The pressure must have been intense on the players. The crowd, all steamed up and full of vigor, were chanting for a goal. Any kind of goal. Just one stinking goal from the blue and white of Honduras, so that they could claim a small, tiny sliver of glory from the 2014 World Cup. It was compelling to watch, even knowing that there were maybe 1,342 actual true Honduran supporters in the crowd who gave a damn.
And it happened. The goal came courtesy of a broken play, sloppy tackling and a rifled shot in the upper left corner of the goal. After 500 minutes of World Cup play. After 32 years of missed World Cup games. Honduras can now, finally, be happy — even though they lost and failed to make it out of group play. They will leave Brasil without much more than the memory of that singular moment of glory, a memory that will have to keep generations happy for at least another decade. Or two.
All of that is more than England gets. Indeed, the entire episode reminds me of poor Wayne Rooney, Steven Gerrard and the pathetically limp hopes and dreams of the England team. Sometimes the most compelling storyline isn’t about those that rise to greatness and glory, but the ones who fail over and over and over and over, who stumble over cleats and turn the wrong way. It’s those sad sack stories and the desperate crusade to get a tiny taste of the sweet. Wayne Rooney has tried for a decade to score a World Cup goal, and he finally does it – only to lose the game after fellow Lion-hearted stalwart Steven Gerrard heads the ball to the wrong player. Oops. Tragedy. Misery.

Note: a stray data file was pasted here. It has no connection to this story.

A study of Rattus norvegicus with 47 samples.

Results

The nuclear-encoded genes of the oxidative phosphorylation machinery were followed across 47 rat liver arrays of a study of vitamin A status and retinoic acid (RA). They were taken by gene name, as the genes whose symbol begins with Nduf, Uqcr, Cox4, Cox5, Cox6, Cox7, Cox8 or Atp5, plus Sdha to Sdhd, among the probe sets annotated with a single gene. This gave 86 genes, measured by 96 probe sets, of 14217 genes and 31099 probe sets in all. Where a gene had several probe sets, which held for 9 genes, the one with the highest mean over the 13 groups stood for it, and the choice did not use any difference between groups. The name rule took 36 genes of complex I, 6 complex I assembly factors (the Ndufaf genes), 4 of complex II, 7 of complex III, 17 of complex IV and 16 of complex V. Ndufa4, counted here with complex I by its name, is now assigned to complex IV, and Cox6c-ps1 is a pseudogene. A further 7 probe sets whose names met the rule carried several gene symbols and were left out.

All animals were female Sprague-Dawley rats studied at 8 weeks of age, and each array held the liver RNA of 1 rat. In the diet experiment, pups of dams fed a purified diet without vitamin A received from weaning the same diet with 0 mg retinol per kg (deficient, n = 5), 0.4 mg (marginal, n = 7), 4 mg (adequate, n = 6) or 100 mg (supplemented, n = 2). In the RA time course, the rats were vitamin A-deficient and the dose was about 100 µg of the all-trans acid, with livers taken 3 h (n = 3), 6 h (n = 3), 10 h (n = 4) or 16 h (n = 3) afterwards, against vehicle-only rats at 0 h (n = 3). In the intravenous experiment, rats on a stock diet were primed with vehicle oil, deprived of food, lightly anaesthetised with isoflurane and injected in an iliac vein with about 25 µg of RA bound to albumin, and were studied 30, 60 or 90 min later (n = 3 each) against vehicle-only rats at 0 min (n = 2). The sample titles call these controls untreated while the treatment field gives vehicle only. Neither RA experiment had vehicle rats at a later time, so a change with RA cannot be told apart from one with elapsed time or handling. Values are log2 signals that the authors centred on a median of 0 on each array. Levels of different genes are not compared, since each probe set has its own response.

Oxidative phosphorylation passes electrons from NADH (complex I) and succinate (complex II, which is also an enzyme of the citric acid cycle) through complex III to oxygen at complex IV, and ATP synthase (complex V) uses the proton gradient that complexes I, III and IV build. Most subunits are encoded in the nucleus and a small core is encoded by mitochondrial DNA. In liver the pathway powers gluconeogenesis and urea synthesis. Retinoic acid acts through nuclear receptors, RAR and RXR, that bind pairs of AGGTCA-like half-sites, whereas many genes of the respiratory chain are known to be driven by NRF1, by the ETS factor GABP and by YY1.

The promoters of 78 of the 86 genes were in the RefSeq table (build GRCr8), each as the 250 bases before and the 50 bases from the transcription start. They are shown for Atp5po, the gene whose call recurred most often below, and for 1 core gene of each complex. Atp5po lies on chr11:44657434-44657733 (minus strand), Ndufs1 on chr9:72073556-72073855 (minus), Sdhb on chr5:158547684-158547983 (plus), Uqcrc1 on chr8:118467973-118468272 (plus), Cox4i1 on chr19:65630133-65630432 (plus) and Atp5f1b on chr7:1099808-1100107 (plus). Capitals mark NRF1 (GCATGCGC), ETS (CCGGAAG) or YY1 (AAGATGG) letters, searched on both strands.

Soccer is all about the tears, the sweet misery of awaiting the next time, the coming opportunity. The someday. The next perfect cross, ball at your foot or on your head. Except that the ball will bounce up and you will hit the post. Right Wayne? And that’s soccer. Failure measured in 90 minute increments, misery made beautiful, moments of international anguish made intense and even more real and romantic than victory.